Along the border of China and Myanmar, piles of teak and hongmu logs attest to the booming timber trade.
In the town of Ruili, timber mills are flourishing. In a single day, dozens of trees come to the mill as logs. They're to become luxurious tables, chairs and furniture, often exported overseas.
Xie Wenhua, furniture shop manager, said, "Because here we are close to Myanmar. The wood from Myanmar is cheaper when it is transported here from across the border. It's cheap, but it's still real quality."
But while the business is good, it's also illegal. In most areas of China, the crackdown on the illegal timber trade has pushed most Chinese mills to process soft woods.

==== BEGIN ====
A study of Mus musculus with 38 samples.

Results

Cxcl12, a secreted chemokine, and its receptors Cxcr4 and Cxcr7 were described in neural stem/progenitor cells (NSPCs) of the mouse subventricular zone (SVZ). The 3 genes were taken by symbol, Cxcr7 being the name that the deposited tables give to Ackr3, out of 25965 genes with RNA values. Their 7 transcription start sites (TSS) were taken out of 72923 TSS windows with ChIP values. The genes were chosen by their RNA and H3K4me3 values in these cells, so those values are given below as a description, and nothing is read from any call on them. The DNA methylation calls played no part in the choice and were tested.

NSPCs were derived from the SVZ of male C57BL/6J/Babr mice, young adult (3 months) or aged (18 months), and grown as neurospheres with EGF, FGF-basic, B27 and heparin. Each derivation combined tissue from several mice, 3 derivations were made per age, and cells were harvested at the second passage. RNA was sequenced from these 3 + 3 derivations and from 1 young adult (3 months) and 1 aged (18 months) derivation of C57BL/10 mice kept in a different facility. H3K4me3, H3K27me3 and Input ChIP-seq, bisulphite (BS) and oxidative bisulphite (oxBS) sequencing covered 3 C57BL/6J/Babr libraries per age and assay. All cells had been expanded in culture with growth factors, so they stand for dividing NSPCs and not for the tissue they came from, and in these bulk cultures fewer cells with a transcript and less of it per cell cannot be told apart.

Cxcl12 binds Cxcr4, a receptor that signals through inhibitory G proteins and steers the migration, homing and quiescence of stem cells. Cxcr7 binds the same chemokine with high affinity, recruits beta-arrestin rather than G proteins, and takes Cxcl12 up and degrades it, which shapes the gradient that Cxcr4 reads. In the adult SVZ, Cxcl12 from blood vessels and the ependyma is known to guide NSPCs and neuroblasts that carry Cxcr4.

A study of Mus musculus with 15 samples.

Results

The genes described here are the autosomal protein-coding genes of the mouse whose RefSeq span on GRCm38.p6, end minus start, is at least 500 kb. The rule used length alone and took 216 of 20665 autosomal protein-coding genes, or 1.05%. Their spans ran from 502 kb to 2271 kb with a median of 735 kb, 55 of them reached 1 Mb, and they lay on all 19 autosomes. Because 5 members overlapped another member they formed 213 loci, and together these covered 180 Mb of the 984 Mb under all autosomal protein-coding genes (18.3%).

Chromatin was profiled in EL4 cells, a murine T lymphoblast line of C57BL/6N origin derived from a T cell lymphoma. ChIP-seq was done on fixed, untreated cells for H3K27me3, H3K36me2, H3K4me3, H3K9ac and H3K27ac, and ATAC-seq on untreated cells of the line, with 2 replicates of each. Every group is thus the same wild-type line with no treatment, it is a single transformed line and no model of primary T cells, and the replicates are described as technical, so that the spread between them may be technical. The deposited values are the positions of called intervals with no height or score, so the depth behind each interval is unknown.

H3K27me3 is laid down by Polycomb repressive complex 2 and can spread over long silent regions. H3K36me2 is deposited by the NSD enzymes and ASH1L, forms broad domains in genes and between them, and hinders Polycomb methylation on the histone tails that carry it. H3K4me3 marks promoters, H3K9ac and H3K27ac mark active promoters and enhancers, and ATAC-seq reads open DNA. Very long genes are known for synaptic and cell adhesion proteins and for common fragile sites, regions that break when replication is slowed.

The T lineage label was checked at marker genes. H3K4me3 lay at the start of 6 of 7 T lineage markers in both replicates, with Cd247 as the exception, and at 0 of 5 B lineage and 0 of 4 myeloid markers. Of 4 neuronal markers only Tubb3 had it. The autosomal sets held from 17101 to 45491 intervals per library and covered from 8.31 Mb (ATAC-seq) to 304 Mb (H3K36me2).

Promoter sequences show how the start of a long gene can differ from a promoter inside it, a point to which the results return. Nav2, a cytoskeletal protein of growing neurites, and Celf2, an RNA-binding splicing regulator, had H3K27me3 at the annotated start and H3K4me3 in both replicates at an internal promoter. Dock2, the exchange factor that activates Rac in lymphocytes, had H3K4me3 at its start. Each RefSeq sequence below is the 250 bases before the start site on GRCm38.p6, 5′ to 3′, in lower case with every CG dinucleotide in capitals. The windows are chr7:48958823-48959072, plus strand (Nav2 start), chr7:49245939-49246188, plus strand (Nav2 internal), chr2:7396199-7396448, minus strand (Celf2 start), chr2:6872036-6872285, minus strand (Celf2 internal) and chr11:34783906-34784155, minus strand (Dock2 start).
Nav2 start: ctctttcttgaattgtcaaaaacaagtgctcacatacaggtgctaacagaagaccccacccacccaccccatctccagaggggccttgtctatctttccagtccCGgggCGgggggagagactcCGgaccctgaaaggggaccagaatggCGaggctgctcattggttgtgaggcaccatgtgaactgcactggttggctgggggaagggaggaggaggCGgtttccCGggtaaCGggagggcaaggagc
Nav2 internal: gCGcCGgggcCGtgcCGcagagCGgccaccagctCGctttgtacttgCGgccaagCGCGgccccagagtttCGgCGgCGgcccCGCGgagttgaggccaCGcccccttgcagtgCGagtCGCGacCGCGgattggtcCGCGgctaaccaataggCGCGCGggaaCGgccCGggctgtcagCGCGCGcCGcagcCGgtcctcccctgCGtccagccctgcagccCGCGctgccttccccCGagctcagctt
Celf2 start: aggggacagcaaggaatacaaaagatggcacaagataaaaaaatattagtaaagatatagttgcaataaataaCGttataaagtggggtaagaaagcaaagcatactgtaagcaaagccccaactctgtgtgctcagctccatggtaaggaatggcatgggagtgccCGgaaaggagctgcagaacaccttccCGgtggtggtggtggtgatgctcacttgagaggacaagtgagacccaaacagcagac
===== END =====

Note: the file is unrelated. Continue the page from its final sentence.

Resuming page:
But in Ruili, hard wood logs razed from Burmese forests are plundered for use in the domestic and global furniture industry.
Charles Bedford, the Nature Conservancy, said, "You know, the old Chinese saying, 'the mountains are high and the Emperor is far away' applies particularly well in this case. It's a very long way from Beijing and even the best intentions of the forestry officials in Beijing can sometimes take a long time to trickle down into enforcement at the local level."
In the last few years, China has pledged to tackle the problem of illegal logging... both in China and across its borders. Yet to completely eradicate illegal logging, it's tougher than it seems.
Charles Bedford, the Nature Conservancy, said, "Probably the toughest issue to tackle and to solve is how you work in communities where a single log can support a family for a year, or for multiple years."
The challenge, according to Bedford, is to encourage poor families to protect rather than plunder the forests for income.